Phoebe Bacon joins elite company in U.S. swimming’s strongest events


Bacon, an 18-year-old who just finished her freshman season at Wisconsin, won the 200m back on Friday night in Indianapolis, at the last Tyr Pro Swim Series stop before the Olympic Trials in Omaha in one month.

The victory stood out for the time: 2:06.84, third-fastest in the world this year and 1.98 seconds better than her personal best coming into the day.

And for the competition: Bacon edged world champion and world-record holder Regan Smith, 19, by six hundredths.

“Nothing’s more fun than racing Regan,” Bacon said on Olympic Channel: Home of Team USA. “It’s a warm-up for Trials.”

Full meet results are here. Competition concludes Saturday with finals on NBCSN, NBCSports.com/live and the NBC Sports app at 6 p.m. ET.

Many swimmers are racing this weekend for the last time before Trials, where the top two per individual event qualify for Tokyo.

Bacon’s obvious ties are to Katie Ledecky, her reported “big buddy” as a pre-K student at Little Flower School in Bethesda, Md., when Ledecky was a fourth-grader. Bacon followed Ledecky to Stone Ridge School of the Sacred Heart. Though Bacon didn’t matriculate at Ledecky’s Stanford, she did choose Ledecky’s former coach, Yuri Suguiyama, now the head coach at Wisconsin.

“[Ledecky] is always asking me about my swimming, and, of course, I’m always reading and watching about her swimming. I’m always asking her about hers,” said Bacon, who conversed with Ledecky virtually during the pandemic and saw her in person. “She’s a really great person for me to look up to and a big help, I would say, for my swimming career.”

But now, Bacon must be grouped with a whole set of accomplished American swimmers: the backstrokers. Like Smith, Kathleen Baker (who had the 100m back world record before Smith took it in 2019) and Olivia Smoliga (2019 World 100m back bronze medalist).

Bacon’s arrival on the elite level also came in 2019. She upset Smith in the 100m back at the U.S. Open, four months after Smith broke both backstroke world records at the world championships. The time put Bacon second in the nation for the year and made her a contender, if not a favorite, to make the Olympic team in 2020.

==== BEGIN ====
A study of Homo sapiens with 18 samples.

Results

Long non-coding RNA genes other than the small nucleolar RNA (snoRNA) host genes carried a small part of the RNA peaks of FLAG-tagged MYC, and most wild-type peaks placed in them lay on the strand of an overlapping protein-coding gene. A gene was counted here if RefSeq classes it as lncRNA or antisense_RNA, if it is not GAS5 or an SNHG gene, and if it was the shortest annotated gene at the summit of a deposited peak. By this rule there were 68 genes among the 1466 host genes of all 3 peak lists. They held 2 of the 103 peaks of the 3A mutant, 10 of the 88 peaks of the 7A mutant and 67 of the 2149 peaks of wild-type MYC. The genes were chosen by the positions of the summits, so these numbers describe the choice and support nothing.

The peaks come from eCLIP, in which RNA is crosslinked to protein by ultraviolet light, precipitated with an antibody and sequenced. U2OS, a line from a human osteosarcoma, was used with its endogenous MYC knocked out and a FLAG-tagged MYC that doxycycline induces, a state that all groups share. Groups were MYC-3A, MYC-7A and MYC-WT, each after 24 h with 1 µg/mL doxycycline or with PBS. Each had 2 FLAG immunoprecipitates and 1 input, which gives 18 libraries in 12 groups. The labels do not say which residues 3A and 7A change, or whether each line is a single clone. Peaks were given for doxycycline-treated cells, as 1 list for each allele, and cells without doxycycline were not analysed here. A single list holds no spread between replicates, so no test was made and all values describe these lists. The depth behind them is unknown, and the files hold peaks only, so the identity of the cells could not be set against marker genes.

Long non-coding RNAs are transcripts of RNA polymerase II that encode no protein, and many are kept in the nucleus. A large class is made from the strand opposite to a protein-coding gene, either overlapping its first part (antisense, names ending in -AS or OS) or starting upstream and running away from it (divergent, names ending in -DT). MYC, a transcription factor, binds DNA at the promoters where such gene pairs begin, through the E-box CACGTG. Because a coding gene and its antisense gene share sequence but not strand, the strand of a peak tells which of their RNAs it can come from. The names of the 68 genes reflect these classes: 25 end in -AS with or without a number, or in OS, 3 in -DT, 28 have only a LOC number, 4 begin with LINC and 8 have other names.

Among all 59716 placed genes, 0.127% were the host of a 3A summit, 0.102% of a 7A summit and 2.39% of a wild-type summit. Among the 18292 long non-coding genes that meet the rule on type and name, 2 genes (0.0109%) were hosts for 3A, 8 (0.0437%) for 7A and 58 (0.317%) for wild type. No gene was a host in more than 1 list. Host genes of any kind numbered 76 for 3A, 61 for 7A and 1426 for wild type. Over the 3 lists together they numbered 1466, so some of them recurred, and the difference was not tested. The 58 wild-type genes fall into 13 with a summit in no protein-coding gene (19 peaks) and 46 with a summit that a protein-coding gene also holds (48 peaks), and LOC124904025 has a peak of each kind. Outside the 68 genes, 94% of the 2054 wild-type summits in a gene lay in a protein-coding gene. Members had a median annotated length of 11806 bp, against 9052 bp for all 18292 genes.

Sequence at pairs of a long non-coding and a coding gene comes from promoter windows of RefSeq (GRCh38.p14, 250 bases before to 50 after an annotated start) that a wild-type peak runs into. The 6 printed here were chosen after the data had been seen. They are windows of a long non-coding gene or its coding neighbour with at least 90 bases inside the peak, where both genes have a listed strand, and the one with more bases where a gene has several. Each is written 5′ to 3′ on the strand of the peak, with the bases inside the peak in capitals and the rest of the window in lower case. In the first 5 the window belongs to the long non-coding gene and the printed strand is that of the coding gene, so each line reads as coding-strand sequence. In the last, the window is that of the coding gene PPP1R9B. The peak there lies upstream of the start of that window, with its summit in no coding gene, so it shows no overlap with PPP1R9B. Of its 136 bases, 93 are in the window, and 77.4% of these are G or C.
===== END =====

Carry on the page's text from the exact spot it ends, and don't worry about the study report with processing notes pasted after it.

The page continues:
With the Olympic postponement, Smith deferred enrollment at Stanford from 2020 to 2021. Bacon chose not to, moving to Madison as scheduled, albeit during the middle of a pandemic (though not with the 1992 Jeep Wrangler that she and her dad refurbished).

Bacon finished third in the 100 back and won the 200 back at the NCAA Championships in March. The results reflected her change in outlook under Suguiyama, who coached Ledecky to the 2012 Olympics at age 15.

“Prior to coming into college, I felt more I was like a 100 backstroker, I felt more of a sprinter, like I have that power,” said Bacon, who in spring 2020 trained in a family friend’s 15-yard basement pool in Potomac for several weeks. “But coming into college, and as I’ve been working with my new head coach, Yuri, I’ve noticed that I have the strength for a 200.”

Now, Bacon ranks No. 3 in the U.S. in the 100m back and in the 200m back since the start of 2019. With a strong 100m back on Saturday, she could enter the Trials ranked No. 1 in the country in both events in 2021.

Five years ago, Bacon was reportedly the third-youngest swimmer of more than 1,800 at Trials. At age 13, she finished 83rd in the 100m back.

“It wasn’t about swimming fast and going another best time at that level of a meet,” she said. “It was just getting used to that environment and seeing that fast swimming and imagine myself being there in the next four, now five, years.”

In other events Friday, Smith edged Rio Olympian Kelsi Dahlia in the 100m butterfly, another deep event. Smith clocked 57.68 to prevail by .07. The fastest Americans this year, and since the start of 2019, have been high schoolers — Claire Curzan (56.20) and Torri Huske (56.69).

Michael Andrew, who on Thursday clocked the second-fastest 100m breaststroke in American history, swam a personal best in the 100m fly to become the fifth-fastest American man ever in that event. Andrew touched in 50.80. Caeleb Dressel, the world champion and world-record holder at 49.50, recorded a 51.15 on Friday to win at a meet in Atlanta. Joseph Schooling, the surprise Rio Olympic champion, swam 52.93 in the B final in Indy.

Also in Atlanta, Chase Kalisz won the 400m individual medley over Rio Olympic teammate Jay Litherland, clocking 4:13.64, the fastest time by an American this year.